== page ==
Basically, so far, so good. Everybody seems to be in good health and good spirits, and no one has tried to make a break for it yet, which is maybe the best news of all. The hotwire that Bill ran around the pen - maybe 6 inches off of the ground - seems to be more than enough to stem their curiosity of what lies beyond. The piglets aren't the only ones figuring out what hotwire is about, our puppy Penny seems to have learned the hard way that the pig pen is no place for a 7-pound morsel such as she. She's fine, but let out quite a yip upon encountering the wire.
As for feeding the pigs - that has been going well so far too. We went spelunking in the depths of our chest freezer for the freezer burned, forgotten and out-of-date items that have a way of accumulating in there. In just 7 days, the little porkers have cleaned us out of old bread, last years frozen goat milk, 3 1/2 year-old fruit (apparently `09 was a bumper year for blueberries) and some incredibly freezer burned fish. All mixed with a generous scoop or two of the leftover kid milk replacer powder that was leftover from this rocky kidding season that we've just come through. The pigs relish this mish-mash of half-frozen leftovers, and clean their trough of every last speck, every single time.
We do have a bag of Pig Chow that we've been mixing in with their slops now and then. At $13.99 per 50 pound bag though, we probably won't be feeding much if any more of it once that first bag is gone. Our goat milk and bakery outlet haul will make up the larger part of the piggies' diet, which will also be supplemented with garden gleanings and rejects, kitchen scraps, odd or elderly hard-boiled chicken eggs, and, if we get lucky, more imperfect produce generously given by our local grocery store.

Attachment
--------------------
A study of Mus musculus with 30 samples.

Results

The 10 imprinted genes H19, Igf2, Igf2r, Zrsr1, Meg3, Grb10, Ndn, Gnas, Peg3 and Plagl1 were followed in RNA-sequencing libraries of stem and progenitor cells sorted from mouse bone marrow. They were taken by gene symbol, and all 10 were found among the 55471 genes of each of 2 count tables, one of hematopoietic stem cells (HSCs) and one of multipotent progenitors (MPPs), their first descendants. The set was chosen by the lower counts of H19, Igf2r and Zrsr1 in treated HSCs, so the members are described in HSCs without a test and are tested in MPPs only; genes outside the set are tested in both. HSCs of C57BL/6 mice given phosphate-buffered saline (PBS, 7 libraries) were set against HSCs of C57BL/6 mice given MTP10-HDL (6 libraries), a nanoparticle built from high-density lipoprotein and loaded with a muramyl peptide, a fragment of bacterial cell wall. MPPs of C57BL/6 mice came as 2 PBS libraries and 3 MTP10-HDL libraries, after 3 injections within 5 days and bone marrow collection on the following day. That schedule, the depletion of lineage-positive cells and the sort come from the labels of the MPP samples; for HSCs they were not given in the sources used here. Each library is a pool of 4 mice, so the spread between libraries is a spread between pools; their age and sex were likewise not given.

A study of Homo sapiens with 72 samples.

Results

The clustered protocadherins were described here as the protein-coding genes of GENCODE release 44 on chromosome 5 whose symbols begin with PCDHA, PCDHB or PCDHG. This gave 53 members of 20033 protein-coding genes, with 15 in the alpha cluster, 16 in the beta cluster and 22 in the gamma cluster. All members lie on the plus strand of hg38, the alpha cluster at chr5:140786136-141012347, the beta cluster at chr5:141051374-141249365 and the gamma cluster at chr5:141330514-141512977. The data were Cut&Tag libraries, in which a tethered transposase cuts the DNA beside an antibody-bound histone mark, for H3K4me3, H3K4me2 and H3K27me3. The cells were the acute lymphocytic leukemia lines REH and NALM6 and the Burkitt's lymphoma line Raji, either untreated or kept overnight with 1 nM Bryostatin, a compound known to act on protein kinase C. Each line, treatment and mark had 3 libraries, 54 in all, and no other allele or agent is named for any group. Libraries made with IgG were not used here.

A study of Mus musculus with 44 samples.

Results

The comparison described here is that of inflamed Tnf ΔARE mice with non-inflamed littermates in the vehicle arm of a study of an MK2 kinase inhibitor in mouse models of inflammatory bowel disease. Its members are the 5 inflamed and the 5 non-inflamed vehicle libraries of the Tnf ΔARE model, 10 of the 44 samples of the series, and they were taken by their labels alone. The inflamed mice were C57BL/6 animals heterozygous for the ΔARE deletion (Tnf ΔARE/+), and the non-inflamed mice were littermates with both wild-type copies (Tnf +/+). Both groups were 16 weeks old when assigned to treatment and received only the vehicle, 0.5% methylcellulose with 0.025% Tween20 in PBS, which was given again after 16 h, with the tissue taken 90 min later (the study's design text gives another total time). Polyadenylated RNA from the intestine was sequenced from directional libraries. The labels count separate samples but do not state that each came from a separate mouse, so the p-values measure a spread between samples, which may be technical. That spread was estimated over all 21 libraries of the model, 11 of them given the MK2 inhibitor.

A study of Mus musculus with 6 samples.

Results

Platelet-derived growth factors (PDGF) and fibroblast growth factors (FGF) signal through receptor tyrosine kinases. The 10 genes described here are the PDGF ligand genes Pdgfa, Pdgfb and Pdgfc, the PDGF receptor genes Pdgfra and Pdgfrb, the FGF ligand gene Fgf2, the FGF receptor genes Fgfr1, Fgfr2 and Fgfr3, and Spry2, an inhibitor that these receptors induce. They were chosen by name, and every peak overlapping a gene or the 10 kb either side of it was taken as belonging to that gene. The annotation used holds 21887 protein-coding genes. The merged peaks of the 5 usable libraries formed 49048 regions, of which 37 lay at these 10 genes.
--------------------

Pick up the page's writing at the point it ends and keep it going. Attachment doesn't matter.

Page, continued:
We're really trying to keep the costs of our grass-to-bacon experiment as low as possible, so far, we've fed the pigs - our freezer gleanings (free), half a bag of kid milk replacer, which would have been wasted after having been opened to feed a baby buckling who didn't make it (about $8.00 worth), kitchen scraps (free), and about 1/2 of a 50-lb bag of pig chow ($7.00 worth), which brings our total feed cost so far, to $15.00, or roughly seventy-five cents per day, per pig.
Billy is picking up a new load of critter bread from the bakery outlet as we speak ($25.00), and we're presently trying to make a plan for starting to wean the goat kids, freeing the mamas' milk supply for our use in the kitchen and in soapmaking, and for sharing generously with our porcine pals. I'll be keeping a close watch on every penny spent on this piggy project, in order to determine just how much a pound of non-antibiotic saturated, happily wallowing, well-fed pork really costs.